Lego toys are displayed at a Target Store in Colma,...

Lego toys are displayed at a Target Store in Colma, Calif., Thursday, Nov. 28, 2013. Credit: AP

Suffolk inspectors would test toys for raised levels of toxic chemicals and could order them pulled from store shelves under a law to be considered by the County Legislature Tuesday.

The bill would require spot-check testing at stores for toys with lead, mercury, antimony, arsenic, cadmium, and cobalt, starting July 2016. Retailers would be informed if their products exceed levels set in the law, and would face fines of $500 to $1,000 if they continue to sell the toys.

The bill passed a legislative committee on Thursday without recommendation, after lawmakers expressed concern about possible legal challenges. The Toy Industry Association and other opponents have sued and temporarily blocked a similar law that passed in Albany County. Westchester County recently passed a similar bill, which takes effect in a year.

The environmental groups Clean & Healthy New York and New York League of Conservation Voters released a report last year that toys with the toxic chemicals were bought at discount retailers, big-box and department stores on Long Island.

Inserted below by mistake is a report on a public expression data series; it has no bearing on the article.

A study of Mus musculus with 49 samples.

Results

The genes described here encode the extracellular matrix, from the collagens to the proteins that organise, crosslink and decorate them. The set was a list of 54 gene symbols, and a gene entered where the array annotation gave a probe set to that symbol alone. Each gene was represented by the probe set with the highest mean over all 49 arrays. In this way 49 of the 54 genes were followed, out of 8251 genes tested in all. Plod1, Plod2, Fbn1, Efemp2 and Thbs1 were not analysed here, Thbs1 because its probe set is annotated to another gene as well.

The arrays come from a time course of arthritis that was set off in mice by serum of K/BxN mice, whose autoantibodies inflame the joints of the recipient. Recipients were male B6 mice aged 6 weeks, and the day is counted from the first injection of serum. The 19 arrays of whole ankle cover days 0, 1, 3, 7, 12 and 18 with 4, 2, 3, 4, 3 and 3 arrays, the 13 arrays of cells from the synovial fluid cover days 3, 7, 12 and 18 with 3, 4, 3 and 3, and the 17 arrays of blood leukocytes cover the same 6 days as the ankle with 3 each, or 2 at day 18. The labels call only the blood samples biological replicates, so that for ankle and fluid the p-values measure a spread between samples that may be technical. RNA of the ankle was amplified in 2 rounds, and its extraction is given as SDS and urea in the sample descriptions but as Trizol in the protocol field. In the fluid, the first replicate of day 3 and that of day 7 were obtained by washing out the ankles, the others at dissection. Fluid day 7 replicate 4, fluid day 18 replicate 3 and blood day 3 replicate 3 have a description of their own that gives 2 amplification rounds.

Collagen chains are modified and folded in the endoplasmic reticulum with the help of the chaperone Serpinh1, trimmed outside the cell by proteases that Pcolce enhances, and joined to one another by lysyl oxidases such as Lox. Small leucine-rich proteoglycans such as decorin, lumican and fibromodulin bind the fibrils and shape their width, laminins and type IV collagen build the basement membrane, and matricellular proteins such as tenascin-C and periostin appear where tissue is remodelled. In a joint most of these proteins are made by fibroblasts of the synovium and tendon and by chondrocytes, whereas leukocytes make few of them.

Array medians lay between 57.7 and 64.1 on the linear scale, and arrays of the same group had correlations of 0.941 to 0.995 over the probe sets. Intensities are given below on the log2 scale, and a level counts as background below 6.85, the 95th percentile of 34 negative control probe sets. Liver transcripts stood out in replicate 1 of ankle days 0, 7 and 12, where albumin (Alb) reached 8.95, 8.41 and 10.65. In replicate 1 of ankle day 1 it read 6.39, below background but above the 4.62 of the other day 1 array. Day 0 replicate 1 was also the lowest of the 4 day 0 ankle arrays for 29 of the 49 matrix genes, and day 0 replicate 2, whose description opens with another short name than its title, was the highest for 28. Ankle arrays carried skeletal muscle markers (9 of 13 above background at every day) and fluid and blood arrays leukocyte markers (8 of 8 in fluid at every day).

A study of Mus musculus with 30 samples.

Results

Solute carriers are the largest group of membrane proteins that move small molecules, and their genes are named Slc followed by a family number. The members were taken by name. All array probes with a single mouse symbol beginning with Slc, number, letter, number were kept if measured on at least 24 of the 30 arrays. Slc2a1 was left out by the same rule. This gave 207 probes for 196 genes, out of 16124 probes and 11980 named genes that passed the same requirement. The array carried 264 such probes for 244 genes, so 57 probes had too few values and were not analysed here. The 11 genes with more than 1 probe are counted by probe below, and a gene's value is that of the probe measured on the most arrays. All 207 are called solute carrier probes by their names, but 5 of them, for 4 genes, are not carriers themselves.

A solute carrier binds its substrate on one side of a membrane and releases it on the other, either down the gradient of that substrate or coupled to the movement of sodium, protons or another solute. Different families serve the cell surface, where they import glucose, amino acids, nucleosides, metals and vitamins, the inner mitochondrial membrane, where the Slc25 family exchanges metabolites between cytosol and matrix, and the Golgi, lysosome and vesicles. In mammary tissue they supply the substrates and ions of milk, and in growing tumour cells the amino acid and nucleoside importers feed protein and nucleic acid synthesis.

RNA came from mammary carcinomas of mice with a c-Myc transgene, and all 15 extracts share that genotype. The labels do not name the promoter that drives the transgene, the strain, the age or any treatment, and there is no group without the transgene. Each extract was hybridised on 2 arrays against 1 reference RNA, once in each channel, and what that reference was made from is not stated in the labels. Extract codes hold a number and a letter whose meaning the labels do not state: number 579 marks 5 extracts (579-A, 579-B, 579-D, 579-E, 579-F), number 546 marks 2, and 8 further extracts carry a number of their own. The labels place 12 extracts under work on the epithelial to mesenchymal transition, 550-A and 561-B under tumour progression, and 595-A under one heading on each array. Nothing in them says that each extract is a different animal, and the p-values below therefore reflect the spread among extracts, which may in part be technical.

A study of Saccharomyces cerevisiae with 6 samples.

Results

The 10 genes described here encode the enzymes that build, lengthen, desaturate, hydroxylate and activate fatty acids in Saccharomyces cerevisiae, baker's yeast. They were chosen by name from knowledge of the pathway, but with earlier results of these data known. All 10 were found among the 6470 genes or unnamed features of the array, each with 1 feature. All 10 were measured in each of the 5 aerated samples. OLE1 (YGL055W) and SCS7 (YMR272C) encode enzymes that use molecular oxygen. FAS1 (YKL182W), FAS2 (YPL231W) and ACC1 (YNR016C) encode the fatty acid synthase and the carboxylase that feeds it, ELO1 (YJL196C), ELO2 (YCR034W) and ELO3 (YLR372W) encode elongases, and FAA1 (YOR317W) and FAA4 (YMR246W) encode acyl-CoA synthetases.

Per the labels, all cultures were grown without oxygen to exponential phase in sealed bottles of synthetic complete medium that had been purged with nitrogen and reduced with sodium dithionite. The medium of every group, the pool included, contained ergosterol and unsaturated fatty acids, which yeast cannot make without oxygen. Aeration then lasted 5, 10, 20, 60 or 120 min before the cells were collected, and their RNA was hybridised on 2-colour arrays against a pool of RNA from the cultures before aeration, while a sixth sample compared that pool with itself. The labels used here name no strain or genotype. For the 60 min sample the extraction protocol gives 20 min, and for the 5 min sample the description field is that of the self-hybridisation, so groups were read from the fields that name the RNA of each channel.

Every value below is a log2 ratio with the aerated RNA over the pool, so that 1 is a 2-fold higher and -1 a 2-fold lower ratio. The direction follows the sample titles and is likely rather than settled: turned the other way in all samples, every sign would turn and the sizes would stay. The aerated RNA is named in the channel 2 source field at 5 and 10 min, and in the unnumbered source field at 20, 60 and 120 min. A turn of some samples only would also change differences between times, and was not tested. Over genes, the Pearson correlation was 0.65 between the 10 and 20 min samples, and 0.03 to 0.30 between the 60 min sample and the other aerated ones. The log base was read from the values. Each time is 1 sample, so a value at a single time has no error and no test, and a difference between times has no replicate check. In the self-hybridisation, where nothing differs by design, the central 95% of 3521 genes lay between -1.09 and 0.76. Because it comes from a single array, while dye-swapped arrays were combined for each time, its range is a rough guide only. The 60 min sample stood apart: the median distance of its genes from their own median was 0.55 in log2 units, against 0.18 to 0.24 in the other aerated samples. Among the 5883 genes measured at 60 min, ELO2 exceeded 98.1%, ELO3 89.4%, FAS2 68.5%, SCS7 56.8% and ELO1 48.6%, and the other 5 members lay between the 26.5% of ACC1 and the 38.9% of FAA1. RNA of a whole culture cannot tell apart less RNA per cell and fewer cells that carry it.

"We know the parents, grandparents and anyone who wants to buy a toy for a kid will be thankful" if the bill passes, said Christopher Goeken, director of public policy and government relations for the New York League of Conservation Voters.

The bill is sponsored by Legis. Kara Hahn (D-Setauket), who said the bill would help protect kids. It has been amended from earlier versions, which did not allow any trace amounts of the chemicals.

Health Commissioner Dr. James Tomarken told the legislative committee that the department could enforce the law with one extra health inspector and an "XRF analyzer," which scans items for a reading of chemicals. The estimated cost is $98,272 a year to lease the scanner and hire the worker, according to the Legislature's Budget Review Office.

The American Chemistry Council also opposes the proposed law.

David Garriepy, director of state government affairs for the Toy Industry Association, which represents all businesses involved in creating and selling toys, said toy safety should be left to the federal government. He said the industry already faces "rigorous" safety standards.

The amount of chemicals found in the toys, he said, are "trace amounts" that are naturally occurring.

Kimberly Wise, senior director for the Chemistry Council, said the bill doesn't measure how much exposure children have to the chemicals. "Right now, the bill is being overly conservative and not necessarily providing additional protections for children," she told lawmakers.